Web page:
Razer Switchblade Gaming Netbook Changes Its Keyboard for Every Game

This 7-inch gaming netbook packs totally customizable keys

Razer Switchblade Gaming Netbook

Dan Nosowitz

From the annals of goofy might-or-might-not-happen CES concepts comes the Razer Switchblade, a 7-inch gaming netbook from venerable gaming accessory maker Razer. A 7-inch screen is a distinctly small size for a Windows 7 computer, and for gaming it seems particularly problematic. Razer has an interesting way of dealing with the problem of an undersized keyboard: Pop OLED screens under every single one, so you can totally change the configuration of the keyboard at will.

The Switchblade is sort of a conceptual combination of the Toshiba Libretto (with its dual 7-inch screens) and the Optimus Prime keyboard (the first keyboard to push the individual-OLED idea). The Switchblade's keyboard is of standard size for 7-inch netbooks, which means fairly small keys (and not a whole lot of them). To compensate, Razer used keys that are actually tiny OLED screens, which means you can put any image you want on them. Want the QWERTY to actually be ACBDEF? Go for it, you nonconformist, you. Or, more practically, how about assigning a Gmail logo to a key, and having that open a bookmarked Gmail page?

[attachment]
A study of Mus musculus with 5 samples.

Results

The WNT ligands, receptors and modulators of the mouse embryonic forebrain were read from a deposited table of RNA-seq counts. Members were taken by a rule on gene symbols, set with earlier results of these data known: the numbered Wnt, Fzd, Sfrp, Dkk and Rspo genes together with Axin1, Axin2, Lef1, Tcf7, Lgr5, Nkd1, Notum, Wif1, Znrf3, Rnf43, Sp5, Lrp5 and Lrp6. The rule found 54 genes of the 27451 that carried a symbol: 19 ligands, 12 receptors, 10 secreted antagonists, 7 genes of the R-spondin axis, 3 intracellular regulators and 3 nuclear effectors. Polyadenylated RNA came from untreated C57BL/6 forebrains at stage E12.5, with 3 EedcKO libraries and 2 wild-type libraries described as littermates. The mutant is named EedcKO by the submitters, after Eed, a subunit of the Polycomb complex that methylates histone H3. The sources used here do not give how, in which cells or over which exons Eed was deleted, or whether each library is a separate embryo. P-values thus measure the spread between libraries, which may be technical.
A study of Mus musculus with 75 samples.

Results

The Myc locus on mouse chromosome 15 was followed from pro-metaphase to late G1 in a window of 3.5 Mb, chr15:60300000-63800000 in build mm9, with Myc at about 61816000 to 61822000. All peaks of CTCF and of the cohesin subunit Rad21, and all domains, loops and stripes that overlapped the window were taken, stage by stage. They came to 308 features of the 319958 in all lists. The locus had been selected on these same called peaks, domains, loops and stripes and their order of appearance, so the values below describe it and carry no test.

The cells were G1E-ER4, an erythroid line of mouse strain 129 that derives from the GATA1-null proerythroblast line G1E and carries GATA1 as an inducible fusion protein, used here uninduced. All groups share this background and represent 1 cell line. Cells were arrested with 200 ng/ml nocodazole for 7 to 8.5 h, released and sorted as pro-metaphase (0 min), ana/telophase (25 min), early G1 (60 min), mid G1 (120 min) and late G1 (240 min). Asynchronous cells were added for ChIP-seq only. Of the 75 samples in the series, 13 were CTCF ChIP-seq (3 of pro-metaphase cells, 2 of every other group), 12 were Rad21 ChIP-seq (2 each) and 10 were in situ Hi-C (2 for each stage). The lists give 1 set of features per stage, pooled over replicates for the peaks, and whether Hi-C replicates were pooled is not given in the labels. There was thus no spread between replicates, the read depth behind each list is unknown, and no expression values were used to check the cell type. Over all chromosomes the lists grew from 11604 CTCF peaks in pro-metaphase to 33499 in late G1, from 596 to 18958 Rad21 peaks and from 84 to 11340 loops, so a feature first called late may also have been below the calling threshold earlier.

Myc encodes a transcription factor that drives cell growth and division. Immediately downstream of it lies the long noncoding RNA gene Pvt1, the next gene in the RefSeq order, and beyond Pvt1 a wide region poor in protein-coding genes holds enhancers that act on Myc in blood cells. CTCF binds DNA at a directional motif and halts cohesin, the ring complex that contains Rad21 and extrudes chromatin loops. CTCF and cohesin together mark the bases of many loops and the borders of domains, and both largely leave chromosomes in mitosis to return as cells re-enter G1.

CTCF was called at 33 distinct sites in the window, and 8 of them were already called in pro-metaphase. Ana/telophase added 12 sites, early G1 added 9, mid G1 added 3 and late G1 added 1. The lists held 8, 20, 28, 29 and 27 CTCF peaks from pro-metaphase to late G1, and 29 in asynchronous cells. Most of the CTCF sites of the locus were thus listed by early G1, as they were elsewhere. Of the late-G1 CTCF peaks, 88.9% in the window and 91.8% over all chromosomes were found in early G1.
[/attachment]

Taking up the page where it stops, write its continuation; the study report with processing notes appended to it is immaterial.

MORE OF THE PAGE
The possibilities for gaming are pretty obvious: You can map any shortcut to any key, and give it a nice logo to keep track. You can cut the keys you don't use, or change the configuration so it's easier to use on such a small keyboard. Each individual game has a different control scheme, so why have one key layout for every game?

The Switchblade may never actually hit stores. The tiny screen size and relatively weak Atom processor wouldn't be nearly powerful enough to run the kinds of games hardcore gamers--the ones who would be interested in this thing in the first place--want to play. Battery life could well be atrocious, and the price would almost certainly be astronomical. But It's such a cool idea that we kind of hope it gets picked up by other, more practical gadgets (like, say, an Alienware gaming laptop).